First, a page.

The Western United States has been dealing with a major drought for close to twenty years. As a result, watercourses are drying up and reserves are lower than ever. In a mere fifteen years, flow rates in Colorado have diminished by about 20%, due, it is said, to the combined effects of evaporation, reduced intake and the increased use of water resources. During an extended trip across the United States in 2021-2022, I began photographing rivers and dams as part of my study of the water crisis. For a long time now, this natural resource has been overused in order to supply big cities like Los Angeles, Phoenix and Las Vegas, which were built in the middle of the desert and continue to expand into it. Although the region’s agriculture has continued to prosper, nobody knows how long this will continue. Responding to the growing demand for water is becoming increasingly difficult in our time because the vast hydraulic infrastructure designed to conserve it was built at a time when floods, not drought, were the main source of concern.
The salt flat of Owens Lake lies east of the Sierra Nevada mountain range in California. Since this chalky plain is blinding in the sunshine, I had to photograph it at dawn to fully appreciate the complex mineral structures that dot its surface. Over the course of that same day, bulldozers arrived to spread layers of gravel over the desiccated sodium to contain the toxic sediments that would otherwise be carried on the wind. The gashes left by these machines across this livid expanse made it look even more desolate; like scars, they reminded me of the wounds caused by the California “water wars.” In the previous century, these conflicts pitted the farmers of Owens Valley against the builders of the Los Angeles aqueduct system. Before these quarrels over water rights and the diversion of the Owens River, the lake covered an area of 280 square kilometres and had an average depth of twelves meters. Only a few shallow basins remain but ponds are being created for migratory birds in an attempt to restore the surrounding ecosystems.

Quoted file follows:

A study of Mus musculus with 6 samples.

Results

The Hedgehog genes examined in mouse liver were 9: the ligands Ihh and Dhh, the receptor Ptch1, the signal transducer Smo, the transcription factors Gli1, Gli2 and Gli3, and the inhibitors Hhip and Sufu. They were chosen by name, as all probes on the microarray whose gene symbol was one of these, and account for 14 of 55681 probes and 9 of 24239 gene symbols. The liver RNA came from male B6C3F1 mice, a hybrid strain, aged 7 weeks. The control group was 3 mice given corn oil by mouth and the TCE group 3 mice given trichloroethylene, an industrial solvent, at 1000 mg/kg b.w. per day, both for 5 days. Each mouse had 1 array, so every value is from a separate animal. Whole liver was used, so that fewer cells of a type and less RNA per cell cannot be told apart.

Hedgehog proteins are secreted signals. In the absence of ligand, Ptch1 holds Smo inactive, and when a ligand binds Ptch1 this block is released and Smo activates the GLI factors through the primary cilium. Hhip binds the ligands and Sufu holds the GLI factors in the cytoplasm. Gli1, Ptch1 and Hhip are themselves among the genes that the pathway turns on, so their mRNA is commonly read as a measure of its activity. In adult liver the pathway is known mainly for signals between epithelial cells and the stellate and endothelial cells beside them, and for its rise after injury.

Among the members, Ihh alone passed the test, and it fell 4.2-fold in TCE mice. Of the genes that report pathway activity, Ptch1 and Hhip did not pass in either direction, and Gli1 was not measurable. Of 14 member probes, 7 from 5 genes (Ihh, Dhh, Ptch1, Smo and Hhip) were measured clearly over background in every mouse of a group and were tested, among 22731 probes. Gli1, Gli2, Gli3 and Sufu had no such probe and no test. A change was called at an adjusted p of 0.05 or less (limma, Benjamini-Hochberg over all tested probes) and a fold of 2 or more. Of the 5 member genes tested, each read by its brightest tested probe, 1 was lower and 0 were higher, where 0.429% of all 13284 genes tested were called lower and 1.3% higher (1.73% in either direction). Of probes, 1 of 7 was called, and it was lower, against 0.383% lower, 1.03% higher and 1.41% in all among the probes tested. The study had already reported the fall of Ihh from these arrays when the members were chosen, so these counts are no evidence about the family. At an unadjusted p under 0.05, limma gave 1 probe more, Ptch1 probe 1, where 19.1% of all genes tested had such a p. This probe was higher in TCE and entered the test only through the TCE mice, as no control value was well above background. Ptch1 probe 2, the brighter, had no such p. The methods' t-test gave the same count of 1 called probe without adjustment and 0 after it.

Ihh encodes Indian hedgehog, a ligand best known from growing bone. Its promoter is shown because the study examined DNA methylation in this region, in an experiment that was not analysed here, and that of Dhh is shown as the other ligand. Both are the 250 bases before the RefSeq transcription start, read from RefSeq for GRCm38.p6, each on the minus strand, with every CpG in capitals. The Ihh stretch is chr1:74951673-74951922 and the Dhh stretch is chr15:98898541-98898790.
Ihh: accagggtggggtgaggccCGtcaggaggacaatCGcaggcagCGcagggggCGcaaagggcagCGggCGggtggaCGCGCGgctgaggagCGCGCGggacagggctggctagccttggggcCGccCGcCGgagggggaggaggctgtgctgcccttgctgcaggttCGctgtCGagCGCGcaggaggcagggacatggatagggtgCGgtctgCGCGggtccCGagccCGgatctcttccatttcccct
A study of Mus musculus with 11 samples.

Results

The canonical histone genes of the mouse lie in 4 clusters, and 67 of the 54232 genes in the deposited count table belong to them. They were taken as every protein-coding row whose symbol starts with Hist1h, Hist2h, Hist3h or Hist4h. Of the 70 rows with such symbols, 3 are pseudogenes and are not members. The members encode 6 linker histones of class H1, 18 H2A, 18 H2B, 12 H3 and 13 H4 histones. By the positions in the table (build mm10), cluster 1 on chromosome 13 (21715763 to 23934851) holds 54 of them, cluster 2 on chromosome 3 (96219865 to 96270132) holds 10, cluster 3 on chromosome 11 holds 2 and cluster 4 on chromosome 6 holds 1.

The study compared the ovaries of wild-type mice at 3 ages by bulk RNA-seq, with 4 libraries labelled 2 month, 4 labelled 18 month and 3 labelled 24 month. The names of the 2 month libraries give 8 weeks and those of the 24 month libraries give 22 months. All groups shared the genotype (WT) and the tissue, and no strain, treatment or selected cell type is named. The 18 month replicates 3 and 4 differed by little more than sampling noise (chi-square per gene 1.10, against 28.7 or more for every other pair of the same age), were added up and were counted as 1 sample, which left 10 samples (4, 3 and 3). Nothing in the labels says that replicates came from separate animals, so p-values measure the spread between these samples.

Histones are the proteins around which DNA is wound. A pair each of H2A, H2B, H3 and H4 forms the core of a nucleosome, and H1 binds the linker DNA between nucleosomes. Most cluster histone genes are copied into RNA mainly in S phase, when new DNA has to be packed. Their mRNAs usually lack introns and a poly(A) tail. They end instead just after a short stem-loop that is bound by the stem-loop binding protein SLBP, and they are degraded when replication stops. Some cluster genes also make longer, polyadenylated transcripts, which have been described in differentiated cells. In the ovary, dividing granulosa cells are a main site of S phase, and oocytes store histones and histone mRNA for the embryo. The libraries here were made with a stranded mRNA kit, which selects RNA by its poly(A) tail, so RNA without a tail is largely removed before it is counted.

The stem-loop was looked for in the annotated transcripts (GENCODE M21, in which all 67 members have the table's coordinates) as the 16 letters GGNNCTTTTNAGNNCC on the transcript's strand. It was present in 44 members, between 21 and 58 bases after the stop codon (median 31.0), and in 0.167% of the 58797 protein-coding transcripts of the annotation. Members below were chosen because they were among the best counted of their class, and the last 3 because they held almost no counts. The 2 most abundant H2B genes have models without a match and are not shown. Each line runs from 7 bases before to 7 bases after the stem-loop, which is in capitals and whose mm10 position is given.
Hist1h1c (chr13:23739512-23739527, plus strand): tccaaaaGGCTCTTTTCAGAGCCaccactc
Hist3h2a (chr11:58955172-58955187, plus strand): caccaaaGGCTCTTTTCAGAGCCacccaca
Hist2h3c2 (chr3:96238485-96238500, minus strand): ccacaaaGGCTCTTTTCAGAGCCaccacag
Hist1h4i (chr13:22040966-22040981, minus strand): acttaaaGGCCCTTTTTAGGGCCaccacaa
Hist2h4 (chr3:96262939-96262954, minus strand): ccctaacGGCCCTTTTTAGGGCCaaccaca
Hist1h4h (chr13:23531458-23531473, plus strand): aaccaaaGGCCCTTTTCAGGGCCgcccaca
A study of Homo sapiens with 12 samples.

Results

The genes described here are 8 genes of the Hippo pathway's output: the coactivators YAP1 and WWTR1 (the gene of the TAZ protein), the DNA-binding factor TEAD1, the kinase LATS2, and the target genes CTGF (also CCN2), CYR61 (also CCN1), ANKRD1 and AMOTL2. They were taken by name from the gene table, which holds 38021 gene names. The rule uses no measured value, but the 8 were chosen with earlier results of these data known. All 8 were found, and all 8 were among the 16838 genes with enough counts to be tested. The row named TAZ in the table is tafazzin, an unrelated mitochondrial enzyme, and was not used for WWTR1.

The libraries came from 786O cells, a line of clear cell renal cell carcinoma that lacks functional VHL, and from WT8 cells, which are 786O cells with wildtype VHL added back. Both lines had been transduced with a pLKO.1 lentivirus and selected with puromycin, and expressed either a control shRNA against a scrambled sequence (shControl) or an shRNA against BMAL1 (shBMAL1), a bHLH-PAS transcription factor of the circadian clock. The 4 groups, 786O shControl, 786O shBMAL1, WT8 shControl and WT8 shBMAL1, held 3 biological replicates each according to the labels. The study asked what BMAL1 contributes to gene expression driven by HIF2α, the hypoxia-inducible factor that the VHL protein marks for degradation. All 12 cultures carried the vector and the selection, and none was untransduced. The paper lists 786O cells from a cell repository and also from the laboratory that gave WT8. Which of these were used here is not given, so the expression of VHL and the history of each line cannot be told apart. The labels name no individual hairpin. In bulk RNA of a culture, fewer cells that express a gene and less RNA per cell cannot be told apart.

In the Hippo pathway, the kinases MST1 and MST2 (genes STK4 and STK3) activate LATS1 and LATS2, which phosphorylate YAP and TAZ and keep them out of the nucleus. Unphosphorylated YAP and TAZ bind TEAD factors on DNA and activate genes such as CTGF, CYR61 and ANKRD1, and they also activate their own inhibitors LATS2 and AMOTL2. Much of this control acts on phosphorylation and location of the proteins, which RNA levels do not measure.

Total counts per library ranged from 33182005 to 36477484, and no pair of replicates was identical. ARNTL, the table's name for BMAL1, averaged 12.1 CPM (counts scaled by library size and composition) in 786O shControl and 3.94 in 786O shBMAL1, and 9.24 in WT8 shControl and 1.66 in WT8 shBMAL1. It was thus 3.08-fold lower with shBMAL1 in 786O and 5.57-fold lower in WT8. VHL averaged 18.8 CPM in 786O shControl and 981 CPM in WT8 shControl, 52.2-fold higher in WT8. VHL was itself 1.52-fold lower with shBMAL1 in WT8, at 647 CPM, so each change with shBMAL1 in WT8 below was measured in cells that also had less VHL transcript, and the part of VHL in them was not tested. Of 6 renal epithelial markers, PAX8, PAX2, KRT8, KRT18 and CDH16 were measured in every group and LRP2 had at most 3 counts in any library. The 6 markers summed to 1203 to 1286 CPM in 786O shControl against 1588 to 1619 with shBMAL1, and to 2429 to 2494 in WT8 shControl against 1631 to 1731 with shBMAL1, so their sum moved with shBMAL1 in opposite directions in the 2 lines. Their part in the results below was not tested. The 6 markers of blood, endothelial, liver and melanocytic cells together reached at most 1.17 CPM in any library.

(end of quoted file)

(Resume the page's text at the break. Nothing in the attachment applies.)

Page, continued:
The San Carlos Dam is located on the land of the San Carlos Apache community in Arizona. This Amerindian reservation, one of the poorest in the United States, was once known as “Hell’s forty acres” because of the terrible environmental and sanitary conditions that prevailed there until the late nineteenth century. The Coolidge Dam, built on the Gila River in 1930, was intended to irrigate the neighbouring agricultural land. However, this artificial lake has been filled to capacity only three times since its construction and has often remained almost completely empty. On the horizon, bare hills surrounded by vast stretches of sand indicate that the water level in the dam has indeed fluctuated over time. The infrastructure near the launch ramp appears to be in poor condition and the site is littered with trash, forming a striking contrast with the serene beauty of this semi-arid landscape.
The Rio Grande draws its water from the Colorado Mountains and stretches over 3060 kilometres to the Gulf of Mexico. The river here is barely more than an algae-covered stream, the stink of which causes a sudden wave of nausea. Close to where I am staying, I meet a couple of retirees, Dave and Larry, who live in their vans and camp in the hills. Larry tells me that the dam gates are closed during the dry season to prevent further drops in the water level, which is currently at only 13% of its initial capacity. I spend over three weeks observing and photographing these desolate places. At one point, I notice a dilapidated sign that once welcomed boaters to the Damsite Historic District; it reads: Making tomorrow’s memories today. I think about this as I contemplate these lands, which were once under water. Today, the desert is reclaiming these landscapes laid out by civilization, where cacti are once again growing.
This project includes 27 large photographs and is still ongoing.